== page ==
Focus on Fellowship: Amanda Jiang ’20

Beyond the Kahn

By Sofia Trotta ’23

Lately, Amanda Jiang ’20 has been working on a new protocol to explore the efficacy of an alternative-based intervention to reduce stress and improve the quality of life for COVID-19 healthcare workers.

Amanda Jiang

It’s just one way Jiang, who spent her senior year at Smith as a Kahn Institute fellow in the yearlong project Fear, is using skills she gained in her fellowship.

Jiang is employed as a postbaccalaureate research fellow at the National Institutes of Health, a biomedical research center in Bethesda, Maryland, where she has worked since shortly after her graduation. In general, her job entails examining interventions for chronic stress and post-traumatic stress.

When asked what she finds most interesting about her current job, Amanda stated that despite the challenges brought on by the pandemic, her work has allowed her to find creative and relevant ways to continue contributing to society.

“As a response to the toll that COVID-19 has taken on healthcare workers’ mental health, we initiated a new intervention project examining the effect of a combined nature-mindfulness program on healthcare workers’ well being,” she described. “To ensure the safety of our participants, we and our collaborators are following strict physical distancing protocols and extensive screening procedures. We even created a virtual mindfulness program as a replacement for traditional in-person mindfulness sessions.”

One aspect Jiang enjoys about her job is its continuing adaptation. “Despite challenges, my colleagues and I still manage to move forward with our research,” she said. “Our research evolves, rather than becoming hindered during [these] unprecedented times, and this is what I find interesting about my job.”

Reflecting on her time at Smith, Amanda remembers entering as a transfer student, knowing that she wanted to pursue an independent fellowship.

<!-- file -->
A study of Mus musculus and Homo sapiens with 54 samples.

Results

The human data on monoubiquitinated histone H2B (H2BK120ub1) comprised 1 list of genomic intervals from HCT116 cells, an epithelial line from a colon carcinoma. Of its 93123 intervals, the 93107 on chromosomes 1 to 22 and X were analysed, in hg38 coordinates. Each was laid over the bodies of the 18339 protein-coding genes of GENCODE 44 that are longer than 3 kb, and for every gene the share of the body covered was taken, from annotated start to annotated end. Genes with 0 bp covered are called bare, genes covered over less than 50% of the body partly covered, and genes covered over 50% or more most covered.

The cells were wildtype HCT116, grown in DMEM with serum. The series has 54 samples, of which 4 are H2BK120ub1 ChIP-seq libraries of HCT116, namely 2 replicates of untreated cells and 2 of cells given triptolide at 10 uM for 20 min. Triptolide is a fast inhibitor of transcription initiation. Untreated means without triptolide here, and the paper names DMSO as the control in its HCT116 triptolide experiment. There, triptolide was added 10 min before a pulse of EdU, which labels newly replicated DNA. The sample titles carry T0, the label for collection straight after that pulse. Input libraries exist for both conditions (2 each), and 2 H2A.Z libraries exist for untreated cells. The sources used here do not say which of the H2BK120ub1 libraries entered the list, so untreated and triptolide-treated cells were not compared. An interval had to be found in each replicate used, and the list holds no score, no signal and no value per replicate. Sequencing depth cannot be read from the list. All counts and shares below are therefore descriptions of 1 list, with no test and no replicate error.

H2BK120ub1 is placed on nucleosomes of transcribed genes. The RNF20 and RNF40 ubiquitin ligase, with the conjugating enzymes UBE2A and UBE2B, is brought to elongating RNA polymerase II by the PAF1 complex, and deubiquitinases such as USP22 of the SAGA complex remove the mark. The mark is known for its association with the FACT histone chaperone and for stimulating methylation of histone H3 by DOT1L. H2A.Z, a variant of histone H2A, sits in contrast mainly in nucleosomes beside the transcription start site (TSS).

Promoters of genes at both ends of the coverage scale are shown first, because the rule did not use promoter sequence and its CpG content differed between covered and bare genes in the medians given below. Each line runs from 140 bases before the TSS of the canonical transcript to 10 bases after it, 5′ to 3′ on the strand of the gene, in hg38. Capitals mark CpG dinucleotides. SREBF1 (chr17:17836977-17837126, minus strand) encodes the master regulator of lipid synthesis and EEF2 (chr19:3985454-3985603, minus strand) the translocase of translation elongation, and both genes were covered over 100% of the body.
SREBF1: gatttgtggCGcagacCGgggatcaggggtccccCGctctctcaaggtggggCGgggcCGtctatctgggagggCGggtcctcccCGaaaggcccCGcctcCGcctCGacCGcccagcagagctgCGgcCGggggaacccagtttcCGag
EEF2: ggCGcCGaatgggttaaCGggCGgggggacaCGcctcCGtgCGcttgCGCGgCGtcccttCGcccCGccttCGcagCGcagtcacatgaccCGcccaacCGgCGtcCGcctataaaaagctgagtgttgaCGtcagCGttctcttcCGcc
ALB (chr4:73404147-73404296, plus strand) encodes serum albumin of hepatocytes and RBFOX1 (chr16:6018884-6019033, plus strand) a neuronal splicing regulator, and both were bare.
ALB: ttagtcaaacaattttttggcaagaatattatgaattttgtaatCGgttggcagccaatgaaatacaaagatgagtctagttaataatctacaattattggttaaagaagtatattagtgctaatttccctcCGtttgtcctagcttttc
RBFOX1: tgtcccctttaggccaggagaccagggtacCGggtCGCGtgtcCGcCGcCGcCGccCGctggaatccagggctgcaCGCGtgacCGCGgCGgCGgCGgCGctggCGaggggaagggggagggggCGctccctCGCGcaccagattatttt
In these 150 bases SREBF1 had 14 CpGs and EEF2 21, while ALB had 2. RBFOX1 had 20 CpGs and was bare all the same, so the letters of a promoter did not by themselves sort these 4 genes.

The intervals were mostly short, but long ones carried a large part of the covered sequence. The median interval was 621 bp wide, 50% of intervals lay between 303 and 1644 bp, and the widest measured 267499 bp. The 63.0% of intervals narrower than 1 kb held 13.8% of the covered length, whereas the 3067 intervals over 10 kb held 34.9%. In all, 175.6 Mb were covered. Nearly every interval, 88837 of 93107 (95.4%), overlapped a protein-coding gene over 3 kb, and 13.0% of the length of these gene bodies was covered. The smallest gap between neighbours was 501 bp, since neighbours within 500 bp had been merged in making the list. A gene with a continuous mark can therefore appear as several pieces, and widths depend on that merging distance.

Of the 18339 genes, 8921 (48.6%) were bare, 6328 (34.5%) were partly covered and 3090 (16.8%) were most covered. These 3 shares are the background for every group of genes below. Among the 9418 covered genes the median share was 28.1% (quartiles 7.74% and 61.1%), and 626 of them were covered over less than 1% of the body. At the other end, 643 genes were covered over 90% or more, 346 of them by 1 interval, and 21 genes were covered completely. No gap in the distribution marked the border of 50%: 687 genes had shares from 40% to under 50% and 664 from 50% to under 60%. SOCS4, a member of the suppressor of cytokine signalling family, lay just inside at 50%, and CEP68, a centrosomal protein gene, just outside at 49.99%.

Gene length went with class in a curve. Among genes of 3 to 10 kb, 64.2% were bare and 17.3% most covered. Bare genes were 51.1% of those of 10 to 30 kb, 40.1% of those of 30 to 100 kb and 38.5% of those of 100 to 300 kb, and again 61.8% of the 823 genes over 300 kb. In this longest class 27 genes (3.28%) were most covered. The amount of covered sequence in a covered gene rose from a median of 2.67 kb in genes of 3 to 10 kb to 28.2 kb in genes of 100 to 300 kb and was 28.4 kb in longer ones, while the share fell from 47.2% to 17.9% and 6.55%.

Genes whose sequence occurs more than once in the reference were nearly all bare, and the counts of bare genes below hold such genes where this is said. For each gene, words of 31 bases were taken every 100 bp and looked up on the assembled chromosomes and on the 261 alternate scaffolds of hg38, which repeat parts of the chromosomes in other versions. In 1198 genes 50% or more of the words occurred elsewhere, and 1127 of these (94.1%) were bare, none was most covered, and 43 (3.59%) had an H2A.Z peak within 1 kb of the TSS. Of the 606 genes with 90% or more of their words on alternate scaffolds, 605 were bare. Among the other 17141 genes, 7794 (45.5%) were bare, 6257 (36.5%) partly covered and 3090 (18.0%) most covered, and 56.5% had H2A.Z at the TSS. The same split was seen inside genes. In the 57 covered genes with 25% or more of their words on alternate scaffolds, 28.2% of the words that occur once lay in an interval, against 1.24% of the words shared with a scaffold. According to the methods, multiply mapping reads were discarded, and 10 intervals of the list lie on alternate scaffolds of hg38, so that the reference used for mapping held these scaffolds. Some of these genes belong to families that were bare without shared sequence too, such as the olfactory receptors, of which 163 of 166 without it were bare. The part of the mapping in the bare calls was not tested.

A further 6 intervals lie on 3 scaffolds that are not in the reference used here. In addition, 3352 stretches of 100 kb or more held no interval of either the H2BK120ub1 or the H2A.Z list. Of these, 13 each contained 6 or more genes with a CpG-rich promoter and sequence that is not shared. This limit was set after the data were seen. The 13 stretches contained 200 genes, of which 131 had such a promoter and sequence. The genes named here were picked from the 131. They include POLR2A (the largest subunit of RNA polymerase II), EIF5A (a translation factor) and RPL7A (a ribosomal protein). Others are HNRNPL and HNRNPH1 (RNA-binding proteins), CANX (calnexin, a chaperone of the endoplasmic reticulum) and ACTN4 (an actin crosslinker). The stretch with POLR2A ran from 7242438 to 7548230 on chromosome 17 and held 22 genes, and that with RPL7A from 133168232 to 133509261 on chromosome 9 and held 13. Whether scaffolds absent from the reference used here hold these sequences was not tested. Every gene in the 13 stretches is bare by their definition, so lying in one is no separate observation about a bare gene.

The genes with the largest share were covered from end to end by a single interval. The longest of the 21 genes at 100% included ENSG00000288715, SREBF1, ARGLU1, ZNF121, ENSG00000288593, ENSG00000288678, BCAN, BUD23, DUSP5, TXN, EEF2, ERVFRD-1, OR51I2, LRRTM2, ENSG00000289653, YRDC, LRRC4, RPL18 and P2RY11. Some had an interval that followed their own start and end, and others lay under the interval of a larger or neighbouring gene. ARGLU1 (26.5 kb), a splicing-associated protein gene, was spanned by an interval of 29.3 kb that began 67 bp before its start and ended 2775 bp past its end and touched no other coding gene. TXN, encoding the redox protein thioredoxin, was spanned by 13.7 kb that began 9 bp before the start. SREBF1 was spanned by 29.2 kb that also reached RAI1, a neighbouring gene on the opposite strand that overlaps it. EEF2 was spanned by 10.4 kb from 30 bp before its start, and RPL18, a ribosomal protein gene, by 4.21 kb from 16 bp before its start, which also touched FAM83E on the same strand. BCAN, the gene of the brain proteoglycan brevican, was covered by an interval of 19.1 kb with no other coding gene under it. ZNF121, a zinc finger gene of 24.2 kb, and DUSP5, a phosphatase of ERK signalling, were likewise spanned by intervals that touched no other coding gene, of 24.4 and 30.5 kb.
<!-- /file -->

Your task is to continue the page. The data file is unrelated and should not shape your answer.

“Kahn came to me when I needed it most,” she recalled. “The fellowship gave me an opportunity to be a principal investigator of my own research project, a freedom that’s rare in undergrad studies. I believe that Kahn contributed to my growth as a scholar and a human being.”

“Our ideas are limitless and what we can do is boundless.”

As a Kahn fellow, Jiang wrote an IRB protocol, recruited participants, and shaped her research, from beginning to end, with her own vision. “The fellowship gave me the opportunity to meet scholars from various backgrounds and be part of an interdisciplinary ‘family’ that loves to exchange ideas and share thoughts.”

Amanda Jiang

Jiang applies the skills she developed at the Kahn every day on her NIH job. Similar to leading her own protocol at Kahn, she is currently leading a manuscript project at the NIH. “While developing my Kahn project, I connected with community health allies who offered a wealth of knowledge on trauma and immigrant mental wellbeing,” she said.

Working in concert with others is another skill she took away from her time at the Kahn. “Through Kahn, I developed a passion to collaborate. I met fellows from diverse backgrounds, and I acquired so much wisdom from our weekly conversations. Now, at the NIH, I love meeting researchers from various disciplines and discussing science and life with them. At the NIH, collaborations are never-ending.”

Amanda offers three pieces of advice for current and future Kahn student fellows.

"First, I would tell fellows to pursue a project that they are passionate about,” she said. “Passion can sustain motivation.”

Second, stay organized and manage time well to make the most out of those you connect and collaborate with. “The more people fellows speak with, the more informed and diversified their ideas will be.”

Finally, don’t give up even when hitting roadblocks. “It’s okay to experience uncertainty,” said Jiang. “Breathe. Kahn gives students the freedom to pursue whatever they want.”

The most important lesson Amanda learned from the Kahn?

“Our ideas are limitless and what we can do is boundless.”